New CBD/Hemp Bill Introduced In Pennsylvania

Hemp and CBD in Pennsylvania
Image via SenatorSchwank

If SB335 is successful, hemp-derived cannabidiol based products should be much easier to access in Pennsylvania.

While Pennsylvania has gone gangbusters on medicinal cannabis, its industrial hemp sector lags behind those of some other U.S. states.

During the 2018 season, the second year that hemp was grown in Pennsylvania after a ban was lifted, around 580 acres of industrial hemp was cultivated. However, the 2019 season is expected to be more productive and following the signing of the 2018 Farm Bill, the State’s Department Of Agriculture said in January it will re-open its 2019 program to allow even more participants.

But Pennsylvania’s laws require all cannabis for medical use to be grown at a permitted growing/processing facility and a bunch of other hoops must be jumped through. Those wanting to purchase CBD medicines in-state need a medical marijuana card.

A way around this may in some instances be in Senator Judy Schwank’s recently introduced legislation to expand hemp production.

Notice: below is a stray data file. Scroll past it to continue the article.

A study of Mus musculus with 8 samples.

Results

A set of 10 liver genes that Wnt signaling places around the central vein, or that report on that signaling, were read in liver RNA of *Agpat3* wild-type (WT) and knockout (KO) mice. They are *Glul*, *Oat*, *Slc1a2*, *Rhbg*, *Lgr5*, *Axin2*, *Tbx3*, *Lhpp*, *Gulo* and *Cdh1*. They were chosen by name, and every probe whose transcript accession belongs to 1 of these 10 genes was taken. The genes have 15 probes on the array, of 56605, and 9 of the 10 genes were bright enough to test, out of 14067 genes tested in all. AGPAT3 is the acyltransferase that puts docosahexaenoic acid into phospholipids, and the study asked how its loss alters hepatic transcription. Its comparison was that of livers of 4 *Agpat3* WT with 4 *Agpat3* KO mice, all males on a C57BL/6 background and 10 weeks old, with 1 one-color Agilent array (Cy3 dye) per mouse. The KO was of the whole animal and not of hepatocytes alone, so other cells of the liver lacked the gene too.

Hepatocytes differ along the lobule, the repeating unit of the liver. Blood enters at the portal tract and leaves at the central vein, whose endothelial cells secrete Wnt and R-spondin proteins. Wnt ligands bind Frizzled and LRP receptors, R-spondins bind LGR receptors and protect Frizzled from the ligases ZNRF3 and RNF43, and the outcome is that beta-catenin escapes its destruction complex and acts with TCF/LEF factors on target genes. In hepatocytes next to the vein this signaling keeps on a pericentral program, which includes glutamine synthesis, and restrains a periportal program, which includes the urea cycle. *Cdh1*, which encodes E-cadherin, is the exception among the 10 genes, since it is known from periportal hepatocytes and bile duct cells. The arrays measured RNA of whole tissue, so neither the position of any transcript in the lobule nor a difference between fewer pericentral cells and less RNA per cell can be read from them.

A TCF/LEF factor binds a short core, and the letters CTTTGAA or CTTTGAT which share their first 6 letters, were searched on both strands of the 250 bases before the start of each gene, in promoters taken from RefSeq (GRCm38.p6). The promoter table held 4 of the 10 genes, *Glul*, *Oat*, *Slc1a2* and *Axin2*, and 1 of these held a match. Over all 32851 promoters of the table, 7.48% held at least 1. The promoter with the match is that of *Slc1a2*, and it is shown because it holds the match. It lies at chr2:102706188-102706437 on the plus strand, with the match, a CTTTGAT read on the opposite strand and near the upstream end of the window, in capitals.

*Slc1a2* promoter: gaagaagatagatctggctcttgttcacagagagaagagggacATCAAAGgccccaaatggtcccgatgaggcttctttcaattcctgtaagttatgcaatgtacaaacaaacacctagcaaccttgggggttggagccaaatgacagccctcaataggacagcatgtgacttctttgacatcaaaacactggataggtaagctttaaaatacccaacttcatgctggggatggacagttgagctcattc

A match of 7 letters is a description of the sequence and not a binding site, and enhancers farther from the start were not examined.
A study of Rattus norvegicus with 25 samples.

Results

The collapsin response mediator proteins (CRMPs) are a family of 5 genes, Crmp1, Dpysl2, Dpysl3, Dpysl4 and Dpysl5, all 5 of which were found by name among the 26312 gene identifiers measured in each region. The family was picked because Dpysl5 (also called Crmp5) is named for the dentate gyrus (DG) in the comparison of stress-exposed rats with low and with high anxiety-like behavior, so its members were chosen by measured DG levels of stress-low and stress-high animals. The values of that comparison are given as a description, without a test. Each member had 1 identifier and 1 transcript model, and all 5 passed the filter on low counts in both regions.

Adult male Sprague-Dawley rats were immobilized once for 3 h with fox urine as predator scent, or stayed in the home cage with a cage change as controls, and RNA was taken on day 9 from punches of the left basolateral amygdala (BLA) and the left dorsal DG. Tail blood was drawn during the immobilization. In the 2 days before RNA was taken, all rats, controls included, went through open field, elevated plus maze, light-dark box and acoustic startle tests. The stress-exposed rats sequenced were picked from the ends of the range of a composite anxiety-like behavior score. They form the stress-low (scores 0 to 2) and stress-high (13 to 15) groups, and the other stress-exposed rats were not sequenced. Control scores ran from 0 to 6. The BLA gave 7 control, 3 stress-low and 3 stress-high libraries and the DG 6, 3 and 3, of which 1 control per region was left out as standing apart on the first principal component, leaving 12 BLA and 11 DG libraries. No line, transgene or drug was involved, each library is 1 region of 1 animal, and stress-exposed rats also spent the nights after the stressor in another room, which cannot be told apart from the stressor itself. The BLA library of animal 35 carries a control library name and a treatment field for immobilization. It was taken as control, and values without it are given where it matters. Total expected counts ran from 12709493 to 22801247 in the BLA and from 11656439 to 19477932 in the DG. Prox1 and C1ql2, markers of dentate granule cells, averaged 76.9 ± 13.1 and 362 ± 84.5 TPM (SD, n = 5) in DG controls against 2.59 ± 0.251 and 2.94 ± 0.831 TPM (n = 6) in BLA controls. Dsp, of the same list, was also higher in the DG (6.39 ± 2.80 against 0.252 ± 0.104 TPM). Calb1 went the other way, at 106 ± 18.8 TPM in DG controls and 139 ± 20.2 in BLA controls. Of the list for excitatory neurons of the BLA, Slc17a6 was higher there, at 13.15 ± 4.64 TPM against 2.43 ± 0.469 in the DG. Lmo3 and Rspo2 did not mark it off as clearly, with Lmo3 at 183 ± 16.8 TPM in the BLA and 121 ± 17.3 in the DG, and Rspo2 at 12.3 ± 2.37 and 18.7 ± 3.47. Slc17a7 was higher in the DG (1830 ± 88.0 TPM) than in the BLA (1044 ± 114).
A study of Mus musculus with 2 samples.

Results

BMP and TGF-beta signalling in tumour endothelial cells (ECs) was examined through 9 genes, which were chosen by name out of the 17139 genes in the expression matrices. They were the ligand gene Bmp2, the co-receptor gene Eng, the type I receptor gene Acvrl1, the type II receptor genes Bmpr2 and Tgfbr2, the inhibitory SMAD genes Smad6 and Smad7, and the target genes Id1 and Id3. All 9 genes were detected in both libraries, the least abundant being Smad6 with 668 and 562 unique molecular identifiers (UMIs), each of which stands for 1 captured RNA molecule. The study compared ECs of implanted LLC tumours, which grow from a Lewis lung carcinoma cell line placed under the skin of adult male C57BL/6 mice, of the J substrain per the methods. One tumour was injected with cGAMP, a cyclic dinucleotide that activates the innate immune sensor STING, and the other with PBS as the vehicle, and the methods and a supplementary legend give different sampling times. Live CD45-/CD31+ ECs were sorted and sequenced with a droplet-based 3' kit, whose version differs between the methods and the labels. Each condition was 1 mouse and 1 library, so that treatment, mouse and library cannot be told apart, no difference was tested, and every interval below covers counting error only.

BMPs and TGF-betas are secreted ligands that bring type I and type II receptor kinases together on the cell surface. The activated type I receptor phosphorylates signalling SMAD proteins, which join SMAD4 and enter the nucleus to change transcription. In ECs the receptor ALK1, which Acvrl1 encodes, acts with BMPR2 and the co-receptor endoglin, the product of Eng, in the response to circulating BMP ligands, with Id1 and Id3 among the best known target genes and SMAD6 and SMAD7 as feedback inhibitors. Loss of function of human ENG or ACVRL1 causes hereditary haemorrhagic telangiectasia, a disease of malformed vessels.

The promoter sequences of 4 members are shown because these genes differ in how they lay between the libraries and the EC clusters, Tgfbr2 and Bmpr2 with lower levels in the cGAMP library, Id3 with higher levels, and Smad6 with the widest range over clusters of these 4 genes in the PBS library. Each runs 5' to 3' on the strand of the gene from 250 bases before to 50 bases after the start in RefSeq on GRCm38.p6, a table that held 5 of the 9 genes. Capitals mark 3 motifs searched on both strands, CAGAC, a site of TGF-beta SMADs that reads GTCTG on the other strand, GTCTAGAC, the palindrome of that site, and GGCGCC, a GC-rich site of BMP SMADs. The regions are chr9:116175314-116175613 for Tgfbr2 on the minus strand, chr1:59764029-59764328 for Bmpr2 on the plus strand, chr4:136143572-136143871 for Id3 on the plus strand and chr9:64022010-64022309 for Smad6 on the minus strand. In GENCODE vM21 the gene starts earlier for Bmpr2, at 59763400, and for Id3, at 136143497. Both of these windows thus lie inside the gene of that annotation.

SB335, the Industrial Hemp Act, recognizes hemp as an allowable cosmetic ingredient, food, food additive or herb to be regulated as any other food ingredient or food commodity. It also allows for the extraction of cannabidiol (CBD) for the same purposes. 

SB335 would help ensure consumers are receiving quality products – all of which would need to include the following statement on labelling: “The FDA has not evaluated this product for safety or efficacy.” Products will also need to include the percentage of cannabidiol in the product. There doesn’t appear to be a limit set on CBD %.

“Hemp is a multi-million-dollar industry that is expected to grow as a result of the 2018 Federal Farm Bill which removed hemp from the federal controlled substance list.” said Senator Schwank. “This legislation will allow farmers continued access to a new market and put them on the same playing field as other states like Colorado that have passed hemp food legislation.”

SB335 covers any part of the hemp plant, including naturally occurring cannabinoids, compounds, concentrates, extracts, isolates, resins or derivatives

The bill has already attracted 14 Senate co-sponsors.